A class with cocktails: That’s how Taylore Ransom and Erik Rozolis of Janesville spent a recent Saturday afternoon in Madison.
For them and about 30 others, at least one hour of lessons in history, science, folklore and mixology ended with hands-on lab work and a kit to continue it at home.
Ransom added cherry bark vanilla and cocoa nibs to vodka.
Rozolis used the same alcohol but added molasses, sarsaparilla and cinnamon.
All was the culmination of a bitter experience.
Oops, make that a bitters experience.
Managers at Avenue Club and the Bubble Up Bar teach others how to mix alcohol with botanicals during Bitters Boot Camp, which also delves into the long evolution of bitters.
The influence of bitters on a cocktail depends upon which ingredients — allspice to star anise and far beyond — are added to alcohol and how long the infused mixture steeps.
How the bitters is used counts too.
Students sampled four versions of the Old Fashioned cocktail during these gatherings, adding bitters to alcohol as instructed.
One sample contained the classic Korbel brandy.
Another had J. Henry Bourbon, made in Wisconsin.
Two contained different kinds of artisan-batch bitters: One was added to gin, the other to rye whiskey.
All of these variations are on the Avenue’s bar menu.
Evan Ackers, bar manager, deconstructed the Old Fashioned from simple syrup (sugared water that perhaps is flavored too) to garnish (the closer you get to Green Bay, the more likely that drinkers favor pickled veggies or mushrooms over the traditional orange slice and cherry).
Liz Stolz, general manager, covered the influence of bitters on Wisconsin culture.
Students munched on house-made chips and onion dip, then nuggets of beer-batter fish and cheese curds, while hearing who opened the first supper club (Lawrence Frank, in Beverly Hills), why Catholics started eating fish during Lent (an Edward VI edict started it off), when the Avenue opened (1956) and how many Old Fashioneds have been sold there (about 250,000 since 2012).
Recommended combinations — orange, coriander and cardamom, for example — were revealed, plus recipes as starting points for students to make their own bitters.
Most were introduced to bitters through the Old Fashioned long ago.
An exception was Gina Steward of Madison, who moved to Wisconsin from Indiana in November.
“I had my first six months ago, in Puerto Rico,” she said, and meant it. That makes the Old Fashioned her new personal favorite.
Bitters Boot Camp for the public happens monthly at the Avenue Club, which also books the event for private groups of eight to 50.
Expect to set aside two hours, maybe more. The cost is $35 ($25 without alcohol).
For more information, visit avenueclubmadison.com/bittersbootcamp.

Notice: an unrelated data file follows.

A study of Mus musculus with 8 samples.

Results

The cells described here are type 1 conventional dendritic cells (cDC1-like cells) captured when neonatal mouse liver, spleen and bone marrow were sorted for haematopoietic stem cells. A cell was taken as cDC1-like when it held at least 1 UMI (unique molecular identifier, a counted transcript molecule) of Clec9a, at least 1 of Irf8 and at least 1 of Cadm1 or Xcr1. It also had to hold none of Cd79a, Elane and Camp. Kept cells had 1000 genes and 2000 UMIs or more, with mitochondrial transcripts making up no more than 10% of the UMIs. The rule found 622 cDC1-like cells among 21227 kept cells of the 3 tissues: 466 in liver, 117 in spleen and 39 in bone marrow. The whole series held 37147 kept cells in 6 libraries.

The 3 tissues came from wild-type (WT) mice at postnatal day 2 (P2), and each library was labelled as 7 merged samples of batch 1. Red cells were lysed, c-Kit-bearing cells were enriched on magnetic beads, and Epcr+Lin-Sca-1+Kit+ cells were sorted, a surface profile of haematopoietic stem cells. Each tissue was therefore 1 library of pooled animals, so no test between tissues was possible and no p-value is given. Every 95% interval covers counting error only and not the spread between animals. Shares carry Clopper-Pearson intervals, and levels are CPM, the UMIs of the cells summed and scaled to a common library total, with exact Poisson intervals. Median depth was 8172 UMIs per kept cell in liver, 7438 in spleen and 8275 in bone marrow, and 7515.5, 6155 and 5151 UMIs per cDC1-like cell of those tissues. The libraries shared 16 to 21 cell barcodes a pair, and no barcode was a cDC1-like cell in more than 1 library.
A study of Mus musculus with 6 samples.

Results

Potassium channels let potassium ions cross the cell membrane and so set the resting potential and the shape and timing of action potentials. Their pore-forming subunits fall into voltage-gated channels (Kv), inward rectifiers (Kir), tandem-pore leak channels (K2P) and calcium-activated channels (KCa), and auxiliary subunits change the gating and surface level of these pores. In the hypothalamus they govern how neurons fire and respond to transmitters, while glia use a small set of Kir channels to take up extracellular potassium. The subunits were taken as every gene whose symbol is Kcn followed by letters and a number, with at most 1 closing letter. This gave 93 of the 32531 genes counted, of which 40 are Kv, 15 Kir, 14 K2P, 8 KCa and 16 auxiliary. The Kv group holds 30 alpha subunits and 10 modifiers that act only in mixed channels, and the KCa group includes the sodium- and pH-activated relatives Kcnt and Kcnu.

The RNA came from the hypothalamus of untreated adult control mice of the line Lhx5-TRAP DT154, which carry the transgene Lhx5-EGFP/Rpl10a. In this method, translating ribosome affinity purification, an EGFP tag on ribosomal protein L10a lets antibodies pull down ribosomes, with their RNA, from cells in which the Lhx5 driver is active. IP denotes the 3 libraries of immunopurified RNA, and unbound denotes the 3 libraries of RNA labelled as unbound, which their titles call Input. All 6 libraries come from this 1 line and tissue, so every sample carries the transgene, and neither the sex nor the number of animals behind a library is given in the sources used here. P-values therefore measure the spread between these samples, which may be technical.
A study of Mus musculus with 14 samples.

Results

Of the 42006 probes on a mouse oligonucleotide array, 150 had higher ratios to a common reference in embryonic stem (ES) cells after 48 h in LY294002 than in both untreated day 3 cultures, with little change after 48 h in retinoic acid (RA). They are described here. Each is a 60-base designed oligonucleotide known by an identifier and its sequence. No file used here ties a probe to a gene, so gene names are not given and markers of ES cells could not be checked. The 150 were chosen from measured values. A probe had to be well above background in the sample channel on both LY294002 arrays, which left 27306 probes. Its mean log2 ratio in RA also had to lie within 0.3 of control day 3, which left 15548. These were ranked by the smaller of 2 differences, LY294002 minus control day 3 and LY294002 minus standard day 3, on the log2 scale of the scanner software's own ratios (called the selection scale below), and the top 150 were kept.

Now a batch is 210 gallons, and the company in 2018 moved into a larger Uptown Milwaukee neighborhood.
Visit the bar for an introduction to products in research and development.
Seasonal and traditional cocktails are available too.
Thirty-minute tours happen by appointment and end with a cocktail.
Product descriptions resemble wine notes.
Consider the Bolivar bitters, inspired by a recipe in a 19th century cocktail guide: “Versatile and aromatic, with floral notes of chamomile and jasmine, plus cinnamon and dried fruits on the finish.”
Bittercube produces eight types of bitters, plus limited-edition varieties.
Products are sold in one-ounce and five-ounce containers, and as a six-pack assortment. Online are cocktail recipe ideas.
For more information, visit bittercube.com.
Co-owner Doug Delaporte says he goes through 80 or 90 cases of bitters and 10,000 Bitters Club membership cards per year.
The restaurant-bar is known for its intake of Angostura bitters, and anyone who drinks a shot glass filled with bitters automatically earns club membership.
The shot-downing dates back to Prohibition, when owner Tom Nelsen got a pharmacist license to sell bitters as a stomach tonic.
That means no bar in the state has legally been in operation longer than Nelsen’s.
The Bitters Club began after a nephew inherited the bar in the 1950s.
For more information, visit washingtonisland-wi.com.
The licorice-scented herbal blend is Jagermeister, the biggest taxpayer in Wolfenbuttel, a sister city of Kenosha.
The 1934 recipe for the aromatic liquor has not changed.
From start to finish, it’s 15 months of grinding, mixing, soaking, filtering and hundreds of quality control checks for each of the 660,000 hunter-green bottles that are filled per day.
Factory tours are popular, last 90 minutes and require a reservation that should be made before leaving home. Cost is about $22.
The company, about 150 miles west of Berlin, began as a wine wholesaler.
For more information, visit jagermeister.com/en.